Addressing the active exploitation of Ivanti VPN vulnerabilities (urgent advisory)

A recent advisory issued by the Cybersecurity and Infrastructure Security Agency (CISA) has shed light on vulnerabilities in Ivanti VPNs that are currently being actively exploited by malicious actors. Ivanti VPN solutions, widely utilized for their robust security features and efficient network management capabilities, have recently been identified as containing critical vulnerabilities.

CVE-2024-1071 - Critical Vulnerability in Ultimate Member WordPress Plugin

A critical security flaw, known as CVE-2024-1071, has been found in the Ultimate Member plugin for WordPress. This vulnerability, with a CVSS score of 9.8, poses a significant risk to over 200,000 active installations. It potentially enables attackers to extract sensitive data from compromised databases, presenting a severe threat to website security.

When Patch Tuesday becomes Patch Monday - Friday

If you’re an administrator running Ivanti VPN (Connect Secure and Policy Secure) appliances in your network, then the past two months have likely made you wish you weren’t. In a relatively short timeframe bad news kept piling up for Ivanti Connect Secure VPN customers, starting on Jan. 10th, 2024, when critical and high severity vulnerabilities, CVE-2024-21887 and CVE-2023-46805 respectively, were disclosed by Ivanti impacting all supported versions of the product.

SafeBreach Coverage for AA24-060A (Phobos Ransomware) and AA24-060B (Ivanti Connect Secure)

On February 29th, the Cybersecurity and Infrastructure Security Agency (CISA) issued two separate advisories related to malicious behavior exhibited by threat actors. The first advisory AA24-060A pertains to Phobos Ransomware and the second advisory AA24-060B pertains to the exploitation of vulnerabilities in Ivanti Connect Secure and Policy Secure Gateways.

Remediating new DNSSEC resource exhaustion vulnerabilities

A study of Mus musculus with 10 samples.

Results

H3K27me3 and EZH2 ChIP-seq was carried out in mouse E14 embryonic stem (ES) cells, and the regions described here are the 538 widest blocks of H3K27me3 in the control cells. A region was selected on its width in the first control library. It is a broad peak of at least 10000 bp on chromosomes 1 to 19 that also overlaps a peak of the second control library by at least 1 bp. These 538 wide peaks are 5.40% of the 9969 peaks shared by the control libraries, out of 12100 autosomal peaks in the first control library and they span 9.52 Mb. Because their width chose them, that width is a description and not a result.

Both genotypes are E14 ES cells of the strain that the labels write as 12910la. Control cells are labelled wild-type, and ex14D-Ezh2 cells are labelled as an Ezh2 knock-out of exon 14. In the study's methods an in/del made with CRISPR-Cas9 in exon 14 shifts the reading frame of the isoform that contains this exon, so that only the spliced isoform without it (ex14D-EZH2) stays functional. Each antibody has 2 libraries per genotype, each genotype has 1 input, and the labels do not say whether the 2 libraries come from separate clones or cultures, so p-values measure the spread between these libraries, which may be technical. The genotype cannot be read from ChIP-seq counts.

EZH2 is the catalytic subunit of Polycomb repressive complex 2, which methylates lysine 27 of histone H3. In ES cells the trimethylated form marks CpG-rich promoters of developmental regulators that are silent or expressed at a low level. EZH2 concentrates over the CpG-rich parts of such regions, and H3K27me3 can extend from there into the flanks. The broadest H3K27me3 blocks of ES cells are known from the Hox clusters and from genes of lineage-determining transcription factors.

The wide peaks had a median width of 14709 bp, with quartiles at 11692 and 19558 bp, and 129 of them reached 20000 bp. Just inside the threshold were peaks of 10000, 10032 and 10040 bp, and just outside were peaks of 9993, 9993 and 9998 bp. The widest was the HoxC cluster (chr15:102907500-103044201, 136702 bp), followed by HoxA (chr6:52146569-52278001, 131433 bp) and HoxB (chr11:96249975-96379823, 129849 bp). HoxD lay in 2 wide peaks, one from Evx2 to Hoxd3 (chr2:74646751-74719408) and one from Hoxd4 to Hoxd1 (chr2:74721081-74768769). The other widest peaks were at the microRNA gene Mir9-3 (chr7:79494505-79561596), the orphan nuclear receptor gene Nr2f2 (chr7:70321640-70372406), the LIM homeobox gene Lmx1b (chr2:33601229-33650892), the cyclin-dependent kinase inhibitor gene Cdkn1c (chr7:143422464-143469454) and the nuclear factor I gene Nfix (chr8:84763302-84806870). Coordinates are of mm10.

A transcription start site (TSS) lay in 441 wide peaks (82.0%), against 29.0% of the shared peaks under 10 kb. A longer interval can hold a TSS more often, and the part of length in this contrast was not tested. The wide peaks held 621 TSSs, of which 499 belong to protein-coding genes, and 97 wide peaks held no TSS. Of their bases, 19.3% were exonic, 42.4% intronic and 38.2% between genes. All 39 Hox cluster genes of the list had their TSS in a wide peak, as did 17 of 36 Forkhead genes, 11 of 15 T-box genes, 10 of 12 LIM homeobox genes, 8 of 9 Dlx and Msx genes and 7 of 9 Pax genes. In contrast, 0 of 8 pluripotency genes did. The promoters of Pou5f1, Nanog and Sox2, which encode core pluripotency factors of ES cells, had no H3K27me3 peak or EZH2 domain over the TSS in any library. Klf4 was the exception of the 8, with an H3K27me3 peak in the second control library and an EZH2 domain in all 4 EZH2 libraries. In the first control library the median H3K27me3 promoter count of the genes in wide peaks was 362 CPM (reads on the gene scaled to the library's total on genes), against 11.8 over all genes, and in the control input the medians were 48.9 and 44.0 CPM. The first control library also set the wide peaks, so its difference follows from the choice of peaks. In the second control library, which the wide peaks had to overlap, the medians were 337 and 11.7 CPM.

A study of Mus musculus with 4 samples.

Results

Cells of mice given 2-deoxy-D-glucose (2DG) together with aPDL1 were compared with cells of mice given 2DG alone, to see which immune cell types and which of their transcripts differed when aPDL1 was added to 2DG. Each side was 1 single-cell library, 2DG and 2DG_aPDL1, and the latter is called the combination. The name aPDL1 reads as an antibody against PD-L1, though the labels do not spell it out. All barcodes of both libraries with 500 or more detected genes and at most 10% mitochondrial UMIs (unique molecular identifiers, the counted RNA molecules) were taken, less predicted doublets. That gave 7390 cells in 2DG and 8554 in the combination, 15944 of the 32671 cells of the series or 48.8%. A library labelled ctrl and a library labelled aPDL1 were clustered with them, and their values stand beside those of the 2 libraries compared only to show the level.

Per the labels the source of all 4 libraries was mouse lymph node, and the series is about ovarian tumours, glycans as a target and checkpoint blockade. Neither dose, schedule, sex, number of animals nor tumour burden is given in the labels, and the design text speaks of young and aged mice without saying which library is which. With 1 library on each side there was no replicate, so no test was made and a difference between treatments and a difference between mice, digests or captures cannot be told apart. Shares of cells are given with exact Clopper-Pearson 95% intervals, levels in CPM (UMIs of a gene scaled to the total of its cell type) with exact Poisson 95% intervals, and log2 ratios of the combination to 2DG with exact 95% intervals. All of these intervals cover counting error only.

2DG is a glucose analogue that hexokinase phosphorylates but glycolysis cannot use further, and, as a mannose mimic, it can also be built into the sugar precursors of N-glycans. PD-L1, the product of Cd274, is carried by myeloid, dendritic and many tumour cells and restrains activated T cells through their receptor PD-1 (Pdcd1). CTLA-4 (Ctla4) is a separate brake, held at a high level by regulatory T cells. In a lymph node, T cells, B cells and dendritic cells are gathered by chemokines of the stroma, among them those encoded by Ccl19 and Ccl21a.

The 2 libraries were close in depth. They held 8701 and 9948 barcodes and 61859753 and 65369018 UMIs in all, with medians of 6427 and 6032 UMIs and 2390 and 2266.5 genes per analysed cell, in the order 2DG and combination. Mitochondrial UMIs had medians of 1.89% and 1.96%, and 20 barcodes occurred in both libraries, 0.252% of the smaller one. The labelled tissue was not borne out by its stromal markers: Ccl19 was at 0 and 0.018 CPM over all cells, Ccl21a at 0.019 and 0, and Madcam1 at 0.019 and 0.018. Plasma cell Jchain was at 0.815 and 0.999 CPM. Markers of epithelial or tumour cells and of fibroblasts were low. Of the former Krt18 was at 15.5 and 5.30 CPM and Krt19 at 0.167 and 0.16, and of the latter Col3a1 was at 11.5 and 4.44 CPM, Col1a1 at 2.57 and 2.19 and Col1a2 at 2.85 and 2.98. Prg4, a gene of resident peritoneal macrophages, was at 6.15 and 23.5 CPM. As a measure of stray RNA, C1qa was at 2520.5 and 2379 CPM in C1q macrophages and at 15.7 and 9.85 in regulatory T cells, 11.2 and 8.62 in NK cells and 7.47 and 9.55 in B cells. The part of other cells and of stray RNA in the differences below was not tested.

Cloudflare has been part of a multivendor, industry-wide effort to mitigate two critical DNSSEC vulnerabilities. These vulnerabilities exposed significant risks to critical infrastructures that provide DNS resolution services. Cloudflare provides DNS resolution for anyone to use for free with our public resolver 1.1.1.1 service. Mitigations for Cloudflare’s public resolver 1.1.1.1 service were applied before these vulnerabilities were disclosed publicly.

ALPHV Blackcat, GCP-Native Attacks, Bandook RAT, NoaBot Miner, Ivanti Secure Vulnerabilities, and More: Hacker's Playbook Threat Coverage Round-up: February 2024

In this version of the Hacker’s Playbook Threat Coverage round-up, we are highlighting attack coverage for newly discovered or analyzed threats, including those based on original research conducted by SafeBreach Labs. SafeBreach customers can select and run these attacks and more from the SafeBreach Hacker’s Playbook™ to ensure coverage against these advanced threats.

5 Node.js security code snippets every backend developer should know

As backend developers, we are tasked with the crucial role of ensuring the security of our applications. Node.js is not exempt from this responsibility and its growing popularity makes it a lucrative target for hackers, making it imperative to follow best security practices when working with Node.js. In this blog post, we will be exploring some essential Node.js security code snippets every backend developer should know in 2024.

Microsoft Azure CLI affected by CVE-2022-39327

CVE-2022-39327 is a code injection vulnerability that affects the command-line interface for Microsoft Azure (Azure CLI). The vulnerability allows an attacker to execute arbitrary commands on a Windows machine that runs an Azure CLI command with untrusted parameter values. The vulnerability was discovered by GitHub Security Lab and reported to Microsoft on October 7, 2022. Microsoft released a patch for the vulnerability on October 25, 2022, in version 2.40.0 of the Azure CLI.

Data Scientists Targeted by Malicious Hugging Face ML Models with Silent Backdoor

In the realm of AI collaboration, Hugging Face reigns supreme. But could it be the target of model-based attacks? Recent JFrog findings suggest a concerning possibility, prompting a closer look at the platform’s security and signaling a new era of caution in AI research. The discussion on AI Machine Language (ML) models security is still not widespread enough, and this blog post aims to broaden the conversation around the topic.